A flight attendant went viral on TikTok for sharing a device that helps her pop her ears on planes.
She told Insider that she never boards a flight without the Eustachi, an Eustachian tube exerciser.
Changes in air pressure block your ears, and the TikToker told Insider the device always works for her.
CiCi's entire job revolves around flying.
As a flight attendant, she is constantly aboard planes, in the air. Cici, who asked Insider to omit her full name for privacy reasons, explained that about two years ago, she started having problems with her ears on flights. (Insider verified her employment as a flight attendant with a major US airline.)
"It just kept getting worse," she told Insider.
That's when she discovered a device called Eustachi that helps pop your ears, she said. Recently, she posted about it on her TikTok account @cici_inthesky, and her video gained more than 1.4 million views. The comment section filled up with notes from followers sharing painful ear stories and interest in the device.
@cici_inthesky Another product recommendation from a flight attendant. Go to CVS website for more details #cvs #flightattendanthacks #travelwithkids #airplanehack #travelproducts ♬ original sound - CICi
Why your ears may clog on flights
As a plane takes off, passengers experience a quick change in air pressure. According to the Mayo Clinic, pain in your ears occurs when the air pressure in your middle ear is out of balance with the surrounding environment's air pressure.
Your Eustachian tube, which is a passageway that connects the throat and middle ear, will attempt to open up and equalize your eardrums, according to the Mayo Clinic.
Sometimes, this tube has trouble opening, which is what makes your ears feel clogged and sometimes causes pain. It happens often to children and infants, who find popping their ears challenging because their Eustachian tube is small. In adults, if you happen to have a cold or congestion, this can also block the tube, according to the Mayo Clinic.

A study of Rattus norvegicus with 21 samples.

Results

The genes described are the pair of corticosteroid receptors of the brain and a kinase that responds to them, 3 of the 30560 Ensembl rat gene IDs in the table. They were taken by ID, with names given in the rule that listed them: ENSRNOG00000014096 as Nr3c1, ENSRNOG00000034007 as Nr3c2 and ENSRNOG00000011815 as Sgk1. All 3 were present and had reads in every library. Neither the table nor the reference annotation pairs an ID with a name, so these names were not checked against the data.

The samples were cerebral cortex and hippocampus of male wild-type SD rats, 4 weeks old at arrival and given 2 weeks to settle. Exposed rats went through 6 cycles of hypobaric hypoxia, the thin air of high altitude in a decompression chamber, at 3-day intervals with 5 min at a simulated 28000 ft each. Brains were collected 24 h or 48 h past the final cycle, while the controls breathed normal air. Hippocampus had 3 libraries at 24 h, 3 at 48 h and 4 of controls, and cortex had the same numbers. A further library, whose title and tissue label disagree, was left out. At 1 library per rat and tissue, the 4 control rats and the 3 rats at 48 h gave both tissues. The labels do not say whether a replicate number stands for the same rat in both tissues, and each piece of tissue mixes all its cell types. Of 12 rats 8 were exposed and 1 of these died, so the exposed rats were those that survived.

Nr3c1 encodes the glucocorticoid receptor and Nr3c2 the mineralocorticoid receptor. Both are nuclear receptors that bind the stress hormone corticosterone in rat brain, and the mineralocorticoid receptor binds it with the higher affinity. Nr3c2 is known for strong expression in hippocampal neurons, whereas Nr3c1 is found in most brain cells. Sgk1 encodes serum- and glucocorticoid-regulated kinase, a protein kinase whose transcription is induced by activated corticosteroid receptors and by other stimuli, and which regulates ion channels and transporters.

CiCi said her allergies were preventing her from popping her ears. She tried other tricks, like plugging your nose and blowing, swallowing, and chewing gum, but nothing seemed to work.
She said she ultimately went to a doctor, who prescribed her a device that would blow air through her nose and into her Eustachian tube. It cost $290 with insurance, so in search of a more affordable option, CiCi said she found the Eustachi, a similar product that retails for $60.
"I bought it, flew my next flight, and it totally worked," she said.
The device pumps air into your Eustachian tube
CiCi said the Eustachi is simple to use: you plug one nostril, hold the device up to your other nostril, push the button, and swallow at the same time.
Eustachi's website explains that this process uses air along with the body's natural exercise motion to open up the Eustachian tubes.
CiCi said she always tries other Eustachian tube-opening methods first, like swallowing, yawning, sipping water, and chewing gum. But if all else fails, she grabs her Eustachi.